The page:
Rereading Act 2 to Analyze Literary Devices
Lesson 1 of 14
Objective: Students will be able to analyze the development of conflict, climax, and mood by rereading Act 2 and making notes on a plot diagram.
We're working on comparative and superlative adjectives. Superlative adjectives are when you're comparing one thing to ALL THE THINGS. It's largest, tallest, shortest. But what if you're just comparing two things? Then you need the comparative adjective. It's larger, taller shorter.
We're also working on subject/verb agreement, including the funky, funky verb to be. Students don't recognize to be as a verb, because they've been taught that verbs are action words. To be is a verb, though. It's a verb that shows a state of being, and it's critical that the subject and verb agree.
Second Read of Act 2
Today students completed their second read for Act 2. They have two things to focus on for this second read. One focus is pretty much the same as for the second read of Act 1--to see how the mood and character's actions progress. After the close read of the stage directions of the beginning of both Act 1 and Act 2, it's clear that the characters have become suspicious and are targeting one character in particular--Les. But after that, how does their suspicion escalate?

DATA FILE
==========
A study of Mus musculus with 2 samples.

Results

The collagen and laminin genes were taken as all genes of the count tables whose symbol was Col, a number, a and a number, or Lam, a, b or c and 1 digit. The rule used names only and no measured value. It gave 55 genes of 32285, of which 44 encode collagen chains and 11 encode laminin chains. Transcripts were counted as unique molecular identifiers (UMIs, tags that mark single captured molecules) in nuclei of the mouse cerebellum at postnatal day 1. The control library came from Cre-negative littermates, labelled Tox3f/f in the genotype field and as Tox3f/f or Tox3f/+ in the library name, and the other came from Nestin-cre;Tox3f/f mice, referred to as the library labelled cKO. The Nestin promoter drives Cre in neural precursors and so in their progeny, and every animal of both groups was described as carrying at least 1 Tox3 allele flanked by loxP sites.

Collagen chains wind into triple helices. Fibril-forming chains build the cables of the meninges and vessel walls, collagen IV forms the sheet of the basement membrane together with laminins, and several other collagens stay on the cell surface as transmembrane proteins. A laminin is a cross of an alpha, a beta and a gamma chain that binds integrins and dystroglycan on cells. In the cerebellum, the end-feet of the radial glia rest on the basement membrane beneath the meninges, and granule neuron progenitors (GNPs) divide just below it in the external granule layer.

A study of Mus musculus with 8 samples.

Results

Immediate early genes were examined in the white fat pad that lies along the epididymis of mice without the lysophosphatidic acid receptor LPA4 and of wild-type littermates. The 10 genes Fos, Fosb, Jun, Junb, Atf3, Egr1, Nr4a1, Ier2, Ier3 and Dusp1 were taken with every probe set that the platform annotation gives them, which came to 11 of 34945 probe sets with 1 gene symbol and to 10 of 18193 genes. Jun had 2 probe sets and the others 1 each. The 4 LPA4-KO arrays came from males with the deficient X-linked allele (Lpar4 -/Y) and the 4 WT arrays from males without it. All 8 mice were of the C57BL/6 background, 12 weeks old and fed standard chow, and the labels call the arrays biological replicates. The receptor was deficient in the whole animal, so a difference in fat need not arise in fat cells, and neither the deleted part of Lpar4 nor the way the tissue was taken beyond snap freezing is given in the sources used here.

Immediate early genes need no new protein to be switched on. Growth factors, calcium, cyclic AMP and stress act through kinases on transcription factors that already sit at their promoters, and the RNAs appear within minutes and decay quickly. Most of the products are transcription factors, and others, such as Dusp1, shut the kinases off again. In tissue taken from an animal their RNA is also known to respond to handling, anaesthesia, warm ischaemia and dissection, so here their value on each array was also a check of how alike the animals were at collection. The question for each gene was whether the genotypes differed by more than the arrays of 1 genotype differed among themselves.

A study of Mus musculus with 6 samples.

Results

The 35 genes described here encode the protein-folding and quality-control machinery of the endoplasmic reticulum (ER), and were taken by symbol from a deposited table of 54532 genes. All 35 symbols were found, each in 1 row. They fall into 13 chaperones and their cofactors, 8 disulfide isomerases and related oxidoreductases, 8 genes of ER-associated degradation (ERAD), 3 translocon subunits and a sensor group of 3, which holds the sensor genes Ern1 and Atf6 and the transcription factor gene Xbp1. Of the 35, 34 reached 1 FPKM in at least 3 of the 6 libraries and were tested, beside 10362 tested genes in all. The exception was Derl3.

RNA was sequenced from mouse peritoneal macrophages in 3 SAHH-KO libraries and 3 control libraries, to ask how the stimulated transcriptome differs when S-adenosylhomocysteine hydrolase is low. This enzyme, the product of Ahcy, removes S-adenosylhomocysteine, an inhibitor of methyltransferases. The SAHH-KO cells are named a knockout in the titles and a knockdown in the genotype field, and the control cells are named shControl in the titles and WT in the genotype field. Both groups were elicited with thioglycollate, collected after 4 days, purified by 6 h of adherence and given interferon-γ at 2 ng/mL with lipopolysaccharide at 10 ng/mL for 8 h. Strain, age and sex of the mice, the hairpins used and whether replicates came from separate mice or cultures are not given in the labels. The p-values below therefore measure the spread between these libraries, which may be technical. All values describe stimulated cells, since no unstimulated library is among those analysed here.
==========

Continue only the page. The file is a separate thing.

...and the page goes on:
The second focus is where the rising action ends and the climax begins. I reminded students that Act 2 picks up in the rising action. We reviewed the definitions of rising action and climax and the connection to conflict. The conflict is the problem. The problem builds and becomes more complicated in rising action. Characters work to solve the problem in the rising action. The climax is the turning point, where there is a solution to the conflict. Things shouldn't escalate after the climax, because there's a solution. Or, we realize that there isn't a solution.
Students used their highlighter tape and Plot Analysis Diagram again to complete those two tasks--tracing the progression of mood and targeting of characters and where the climax is.
After students finished reading Act 2, they worked in depth with their plot diagrams. As an exit ticket, I asked them to turn in the plot diagrams and to write down what they thought the climax was. Those climax exit tickets would become the basis of our fishbowl discussion for conflict and climax the next day.